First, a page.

What is Momentum Trading?
What is Momentum Trading?
Written by the Millennial Trader
If your career involves following the stock market, you know how it works. The market can rise and fall in seconds, so your moves must be sharp, instinctual, and efficient. One of the best strategies you can follow as a trader is understanding the importance of momentum and how to use it to your advantage. Most stock traders would identify themselves as ‘adrenaline junkies.’
Many traders thrive off the adrenaline rush, which is why the stock market is comparable to a casino; like gambling, the action of trading stimulates the user. To avoid getting lost in the sea of emotions and fast-paced changes, you must learn to work with the momentum and direction of the market and create a strategy. In this article, I will address why momentum trading is a good strategy and explain how you become a momentum trader.
So how does momentum trading work?
Momentum trading is just what it sounds like; see what stock has been gaining or losing momentum and buy/sell accordingly. Traders have long used this impulse-based strategy to capitalize on the momentum from a specific stock to time entering a trend at the right moment. Momentum trading allows traders to get in on it at the peak time and follow the stream of momentum in whichever predicted direction. Unlike other more complicated trading strategies, momentum trading is easy to practice because all you have to do is follow existing trends.
Are there different versions of momentum trading?
You can opt to follow long-term or short-term momentum trading strategies. For instance, position trading is the long-term variation of momentum trading, while day trading is considered the short-term version. In the short-term, momentum trading is essentially assessing the direction of current momentum by analyzing assets in the short term until traders buy assets of whichever securities’ price has risen.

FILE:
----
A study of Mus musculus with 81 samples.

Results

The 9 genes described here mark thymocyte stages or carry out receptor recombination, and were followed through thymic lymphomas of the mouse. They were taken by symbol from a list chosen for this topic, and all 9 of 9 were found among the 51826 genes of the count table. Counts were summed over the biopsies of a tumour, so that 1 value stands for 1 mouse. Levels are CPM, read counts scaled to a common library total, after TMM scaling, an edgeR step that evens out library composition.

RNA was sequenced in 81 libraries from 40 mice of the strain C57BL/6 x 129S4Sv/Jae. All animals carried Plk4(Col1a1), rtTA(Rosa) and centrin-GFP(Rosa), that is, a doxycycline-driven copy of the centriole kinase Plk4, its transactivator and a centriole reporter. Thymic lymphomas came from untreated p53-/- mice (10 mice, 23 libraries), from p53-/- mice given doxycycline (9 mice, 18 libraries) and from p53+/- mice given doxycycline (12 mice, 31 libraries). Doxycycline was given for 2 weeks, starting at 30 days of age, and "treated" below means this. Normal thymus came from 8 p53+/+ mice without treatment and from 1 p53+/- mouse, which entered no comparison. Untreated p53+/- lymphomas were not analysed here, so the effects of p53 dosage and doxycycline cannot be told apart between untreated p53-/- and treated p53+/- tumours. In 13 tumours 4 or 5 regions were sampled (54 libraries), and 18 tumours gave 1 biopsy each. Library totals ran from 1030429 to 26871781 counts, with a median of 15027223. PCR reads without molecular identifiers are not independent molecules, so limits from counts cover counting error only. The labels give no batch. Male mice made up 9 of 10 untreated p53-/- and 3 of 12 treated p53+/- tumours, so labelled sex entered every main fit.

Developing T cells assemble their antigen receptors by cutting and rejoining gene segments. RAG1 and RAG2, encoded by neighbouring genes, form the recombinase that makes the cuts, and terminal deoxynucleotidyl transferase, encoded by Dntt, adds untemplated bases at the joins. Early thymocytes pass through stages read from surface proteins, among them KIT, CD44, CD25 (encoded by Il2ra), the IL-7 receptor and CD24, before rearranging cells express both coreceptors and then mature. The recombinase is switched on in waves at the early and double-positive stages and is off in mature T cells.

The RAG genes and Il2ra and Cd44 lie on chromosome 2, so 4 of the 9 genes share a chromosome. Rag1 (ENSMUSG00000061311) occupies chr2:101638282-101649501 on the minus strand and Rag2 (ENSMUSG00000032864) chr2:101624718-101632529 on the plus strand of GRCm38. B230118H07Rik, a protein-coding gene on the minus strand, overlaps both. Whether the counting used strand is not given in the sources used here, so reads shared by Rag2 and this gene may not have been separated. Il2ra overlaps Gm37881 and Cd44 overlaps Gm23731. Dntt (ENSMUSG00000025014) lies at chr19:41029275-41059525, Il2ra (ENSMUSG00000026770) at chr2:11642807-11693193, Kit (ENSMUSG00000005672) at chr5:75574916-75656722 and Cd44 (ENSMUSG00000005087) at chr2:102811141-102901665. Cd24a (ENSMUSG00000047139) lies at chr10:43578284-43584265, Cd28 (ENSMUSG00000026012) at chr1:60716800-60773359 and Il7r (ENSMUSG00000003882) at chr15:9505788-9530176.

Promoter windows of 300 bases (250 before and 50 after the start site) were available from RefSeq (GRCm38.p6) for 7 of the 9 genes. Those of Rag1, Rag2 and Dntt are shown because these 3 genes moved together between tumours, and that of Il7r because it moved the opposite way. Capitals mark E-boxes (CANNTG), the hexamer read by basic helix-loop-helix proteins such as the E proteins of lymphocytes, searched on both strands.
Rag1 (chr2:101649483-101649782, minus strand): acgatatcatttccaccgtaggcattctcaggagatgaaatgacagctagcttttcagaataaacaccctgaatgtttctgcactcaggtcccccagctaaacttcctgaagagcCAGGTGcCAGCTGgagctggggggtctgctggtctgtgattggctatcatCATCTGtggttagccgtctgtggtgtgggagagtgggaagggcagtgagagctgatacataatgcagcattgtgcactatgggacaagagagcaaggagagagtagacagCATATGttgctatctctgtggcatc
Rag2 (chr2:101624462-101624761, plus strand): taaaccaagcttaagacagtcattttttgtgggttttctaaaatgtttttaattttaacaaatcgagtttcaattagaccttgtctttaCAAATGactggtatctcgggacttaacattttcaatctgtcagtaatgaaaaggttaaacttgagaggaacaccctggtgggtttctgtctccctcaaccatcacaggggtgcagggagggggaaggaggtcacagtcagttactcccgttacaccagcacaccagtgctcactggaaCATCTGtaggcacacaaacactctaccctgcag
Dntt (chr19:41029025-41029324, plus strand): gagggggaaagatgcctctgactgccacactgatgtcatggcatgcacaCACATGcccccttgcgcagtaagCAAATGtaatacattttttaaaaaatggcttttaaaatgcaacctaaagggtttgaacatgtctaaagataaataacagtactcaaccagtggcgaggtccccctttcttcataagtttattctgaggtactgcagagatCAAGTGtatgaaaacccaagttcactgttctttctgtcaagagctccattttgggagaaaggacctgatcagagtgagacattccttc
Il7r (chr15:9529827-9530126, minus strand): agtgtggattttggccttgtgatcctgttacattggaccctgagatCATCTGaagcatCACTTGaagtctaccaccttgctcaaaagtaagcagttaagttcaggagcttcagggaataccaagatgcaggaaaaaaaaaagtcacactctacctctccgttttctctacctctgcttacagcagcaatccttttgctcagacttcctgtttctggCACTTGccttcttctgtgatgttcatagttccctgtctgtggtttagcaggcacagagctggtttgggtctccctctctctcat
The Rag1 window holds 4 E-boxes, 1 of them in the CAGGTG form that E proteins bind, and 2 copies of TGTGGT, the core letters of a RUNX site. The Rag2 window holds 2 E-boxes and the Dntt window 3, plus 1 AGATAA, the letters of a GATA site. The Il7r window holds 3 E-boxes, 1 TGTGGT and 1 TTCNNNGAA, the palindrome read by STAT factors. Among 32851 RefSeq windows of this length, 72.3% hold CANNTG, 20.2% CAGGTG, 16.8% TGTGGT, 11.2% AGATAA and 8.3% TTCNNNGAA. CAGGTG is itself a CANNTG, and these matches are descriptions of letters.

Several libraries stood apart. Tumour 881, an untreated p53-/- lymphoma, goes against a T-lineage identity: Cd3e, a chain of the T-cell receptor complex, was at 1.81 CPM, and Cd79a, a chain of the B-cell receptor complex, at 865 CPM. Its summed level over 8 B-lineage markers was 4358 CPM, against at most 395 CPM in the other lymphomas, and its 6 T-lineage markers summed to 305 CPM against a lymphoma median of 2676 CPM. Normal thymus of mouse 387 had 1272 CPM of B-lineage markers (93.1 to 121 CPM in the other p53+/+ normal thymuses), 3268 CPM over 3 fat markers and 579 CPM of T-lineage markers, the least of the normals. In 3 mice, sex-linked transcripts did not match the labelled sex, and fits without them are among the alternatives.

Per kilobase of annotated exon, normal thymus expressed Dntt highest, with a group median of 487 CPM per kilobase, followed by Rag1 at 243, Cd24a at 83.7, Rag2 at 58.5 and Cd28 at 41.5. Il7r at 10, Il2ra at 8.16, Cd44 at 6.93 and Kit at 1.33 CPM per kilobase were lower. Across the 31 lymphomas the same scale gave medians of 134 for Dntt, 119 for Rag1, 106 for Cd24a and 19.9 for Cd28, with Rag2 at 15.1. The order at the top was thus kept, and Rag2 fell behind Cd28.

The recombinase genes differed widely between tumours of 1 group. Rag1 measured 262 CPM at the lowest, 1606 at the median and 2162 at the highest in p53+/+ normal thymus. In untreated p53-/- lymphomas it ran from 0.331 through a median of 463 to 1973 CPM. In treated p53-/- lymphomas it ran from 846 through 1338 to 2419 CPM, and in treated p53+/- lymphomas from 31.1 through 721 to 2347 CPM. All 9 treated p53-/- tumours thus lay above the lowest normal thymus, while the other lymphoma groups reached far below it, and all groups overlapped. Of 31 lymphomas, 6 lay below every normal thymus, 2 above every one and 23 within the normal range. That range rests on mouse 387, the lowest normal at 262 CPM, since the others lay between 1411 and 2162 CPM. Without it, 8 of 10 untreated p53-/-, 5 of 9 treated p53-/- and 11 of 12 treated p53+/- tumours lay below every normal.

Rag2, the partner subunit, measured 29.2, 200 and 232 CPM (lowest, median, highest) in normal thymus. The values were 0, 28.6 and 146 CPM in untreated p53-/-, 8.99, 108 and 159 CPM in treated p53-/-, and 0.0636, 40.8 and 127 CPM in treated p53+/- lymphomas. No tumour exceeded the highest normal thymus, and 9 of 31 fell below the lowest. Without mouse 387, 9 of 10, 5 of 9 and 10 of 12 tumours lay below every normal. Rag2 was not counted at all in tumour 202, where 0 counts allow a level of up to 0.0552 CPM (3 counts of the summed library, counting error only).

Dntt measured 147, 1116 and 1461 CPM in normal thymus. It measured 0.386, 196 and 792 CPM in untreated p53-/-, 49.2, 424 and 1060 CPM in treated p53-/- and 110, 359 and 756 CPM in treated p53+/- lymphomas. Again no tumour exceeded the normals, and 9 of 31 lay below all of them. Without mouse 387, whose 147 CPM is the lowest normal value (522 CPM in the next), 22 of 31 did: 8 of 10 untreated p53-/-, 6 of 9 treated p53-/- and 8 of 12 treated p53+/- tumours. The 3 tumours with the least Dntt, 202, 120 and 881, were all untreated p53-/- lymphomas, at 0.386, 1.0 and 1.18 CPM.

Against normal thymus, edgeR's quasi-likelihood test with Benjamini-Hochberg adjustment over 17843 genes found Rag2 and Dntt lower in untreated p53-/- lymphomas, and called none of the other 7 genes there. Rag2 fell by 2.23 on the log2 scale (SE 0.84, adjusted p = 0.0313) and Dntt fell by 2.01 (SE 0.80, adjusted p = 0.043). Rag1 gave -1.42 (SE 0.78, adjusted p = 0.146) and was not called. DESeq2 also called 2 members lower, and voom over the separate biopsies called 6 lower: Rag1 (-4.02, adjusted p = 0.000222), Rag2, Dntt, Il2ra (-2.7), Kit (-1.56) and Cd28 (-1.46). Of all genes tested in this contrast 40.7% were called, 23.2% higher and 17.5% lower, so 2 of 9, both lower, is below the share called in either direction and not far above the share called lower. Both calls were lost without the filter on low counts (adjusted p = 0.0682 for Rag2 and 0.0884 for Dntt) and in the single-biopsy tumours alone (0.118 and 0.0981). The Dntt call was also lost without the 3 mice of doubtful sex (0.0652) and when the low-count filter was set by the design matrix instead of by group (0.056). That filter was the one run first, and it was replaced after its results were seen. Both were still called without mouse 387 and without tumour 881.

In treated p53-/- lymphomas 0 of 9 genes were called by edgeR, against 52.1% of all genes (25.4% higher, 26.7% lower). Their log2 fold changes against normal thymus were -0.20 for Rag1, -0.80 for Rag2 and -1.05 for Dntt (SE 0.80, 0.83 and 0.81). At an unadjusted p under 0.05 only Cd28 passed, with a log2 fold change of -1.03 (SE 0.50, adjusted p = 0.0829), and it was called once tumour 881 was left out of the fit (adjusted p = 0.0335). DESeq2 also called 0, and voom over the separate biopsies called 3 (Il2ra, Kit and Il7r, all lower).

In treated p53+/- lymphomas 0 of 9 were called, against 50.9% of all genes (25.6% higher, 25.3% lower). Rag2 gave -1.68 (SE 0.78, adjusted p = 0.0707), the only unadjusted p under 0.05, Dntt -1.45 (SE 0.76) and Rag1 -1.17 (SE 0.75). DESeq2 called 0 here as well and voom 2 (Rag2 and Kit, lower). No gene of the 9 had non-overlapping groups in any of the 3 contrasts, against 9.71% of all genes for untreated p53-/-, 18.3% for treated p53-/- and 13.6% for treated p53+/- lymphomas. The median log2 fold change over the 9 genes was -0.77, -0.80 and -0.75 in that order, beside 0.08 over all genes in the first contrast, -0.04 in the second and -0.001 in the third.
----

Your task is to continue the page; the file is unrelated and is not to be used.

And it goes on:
On the other hand, the trademark of long-term position trading is playing the long game. “If long-term momentum investing or trading is to buy low and sell high, then the goal of short-term momentum trading is to buy high and sell even higher…” (Frankel CFP, 2022). Resting between the two extremes is intermediate momentum trading, commonly used by swing traders.
Whichever strategy you pick involves trend following and keen observation. For example, day traders scan for stocks with momentum with filters looking for criteria like company size, volume, or unusually high volatility. Day traders typically use whatever weapons of skill they possess, such as screeners and scanners, to find and filter out specific data (looking at 5% of highs over 52 weeks) or chart patterns to perform technical analysis ( reading candlestick charts).
Whatever momentum trading method you choose, the end goal is the same. You work with volatility to discover new buying opportunities in short-term uptrends until you sell when the securities lose their momentum. If you are a day trader with the time and resources necessary to observe these short-term uptrends, you will find this trading strategy most valuable. However, we still see stocks with consistent ‘long-term momentum’ in position trading, such as Tesla. Traders could argue that TSLA stock has been a momentum stock to follow for years and continues to rise.
Although momentum trading sounds like the perfect strategy for traders, like every other strategy, it has its risks and drawbacks. There is no denying that following momentum in the market can help you predict where the market turns, making high profitability extremely possible. However, we know that momentum can’t last forever, so all examples of it must come to a halt eventually. There are no guarantees in stock trading.
To increase your chances of success in momentum trading, timing is crucial; seconds can make or break your trades. ‘Momentum stocks,’ or stocks that have inexplicably risen dramatically, are typically only seen by day traders because if you blink, you may miss them entirely.
Momentum trading can be a high-risk—and potentially profitable—way to identify stocks to bet on minute-to-minute. Is momentum trading for you? Its success depends on your expectations and what kind of trader you are. To clarify, this strategy is intended for trading, NOT investing. It can be a great way to make money when you have a stock with momentum, but it can also be a detrimental loss if it goes the other way. Momentum trading requires patience, trial and error, and immense attention to detail before you see consistent success.